Coffee is one of the most popular drinks around the world. Many people rely on it to give them a kick-start in the morning and to help them get through the day.
There has been a lot of mixed science about the health benefits of this caffeinated beverage over the years. There’s research showing the addictive properties of coffee, and there are other studies showing major health benefits. Here’s a look at coffee and if this popular drink is actually good for your health.
One of the main concerns with drinking coffee is the high caffeine intake. So how much caffeine is safe?
According to Health Canada, adults can have 400mg of caffeine a day without adverse effects. For a more conservative dose, Health Canada recommends no more than 2.5mg/kg of body weight.
That means you can have your daily Starbucks. A grande brewed coffee has 330mg of caffeine. A venti is pushing the upper limit at 415mg of caffeine, so it’s better to limit yourself.
So is coffee actually good for you?
This popular drink may not be a good choice for everyone, but it can have many health benefits for the average adult.
Coffee protects the liver from cirrhosis, which is good news for all the heavy drinkers out there. Obviously cutting down on alcohol is the healthiest option, but coffee might protect you from extensive damage. It also lowers your risk of developing liver cancer.
The increased blood flow to the brain improves cognitive functionality. Caffeine fires off neurons in the brain, which improves brain clarity, allowing the brain to process more. This can be great if you’re looking for optimal mental performance. However, these effects are temporary and it can be dangerous to rely on caffeine for mental stamina.
Coffee can also boost your metabolism. This won’t necessarily make you lose weight itself, but added to a healthy diet and moderate exercise and it can be the boost you need to drop fat.
Coffee drinkers also have less risk of developing Parkinson’s. This is a result of the caffeine, proving caffeine isn’t all bad. This also means that decaf coffee has no effect.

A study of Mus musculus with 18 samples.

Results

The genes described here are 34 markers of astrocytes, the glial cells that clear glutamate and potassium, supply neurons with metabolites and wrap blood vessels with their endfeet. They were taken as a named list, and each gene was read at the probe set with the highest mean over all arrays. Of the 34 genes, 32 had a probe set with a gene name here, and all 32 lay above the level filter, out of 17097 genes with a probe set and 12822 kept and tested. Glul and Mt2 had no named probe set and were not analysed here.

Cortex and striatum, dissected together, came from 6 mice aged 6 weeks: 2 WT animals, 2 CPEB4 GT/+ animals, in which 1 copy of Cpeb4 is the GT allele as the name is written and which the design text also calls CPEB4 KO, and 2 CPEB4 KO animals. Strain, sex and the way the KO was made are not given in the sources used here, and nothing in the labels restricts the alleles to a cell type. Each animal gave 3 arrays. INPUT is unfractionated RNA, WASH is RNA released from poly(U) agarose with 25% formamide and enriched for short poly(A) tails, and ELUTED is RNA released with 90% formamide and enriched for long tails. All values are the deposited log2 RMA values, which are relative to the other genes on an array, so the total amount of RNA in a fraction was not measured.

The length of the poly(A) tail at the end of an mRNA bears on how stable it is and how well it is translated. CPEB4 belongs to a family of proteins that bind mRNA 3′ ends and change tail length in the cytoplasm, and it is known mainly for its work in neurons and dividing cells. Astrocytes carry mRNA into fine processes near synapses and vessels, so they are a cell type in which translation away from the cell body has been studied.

There has been a lot of research on the effects of caffeine and exercise. Caffeine doesn’t increase the oxygen capacity of cells, nor does it increase physical strength. However, it can give you the performance boost to push you to exercise harder and longer. It supplies the muscles with the energy they need to go even further. Drinking coffee can help you go faster and longer, which may be beneficial for competitive sports. It has also shown to increase post-exercise energy levels.
The polyphenols found in coffee also reduce oxidative stress, reducing inflammation. This helps protect against disease-causing damage. Long-term studies have shown that coffee also decreases cardiovascular-related mortality.
Studies show that women who drink coffee may have a lower risk of developing type 2 diabetes. However, these studies had women consume far more coffee than the recommended caffeine allowance. It isn’t clear if moderate consumption has any effect.
Women with breast cancer should avoid drinking this drink. Studies have found coffee consumption was associated with a higher mortality rate in breast cancer patients.
Caffeine can be addictive. Many people rely too heavily on coffee for energy levels. You shouldn’t be dependent on a stimulant to get you through the day. Too much coffee can also lead to adrenal fatigue.
You should limit your coffee consumption to the morning. Coffee can affect the system for 12 hours after consumption. It is important to get a good nights sleep, and coffee lingering in the body is not going to help.
Buy organic coffee when you can because coffee bean plants are one of the most chemically sprayed plants in the world. The fewer chemicals you consume the better.
Coffee in moderation can be great but limit your coffee intake. Cut yourself off if you find yourself becoming dependent on coffee, otherwise enjoy!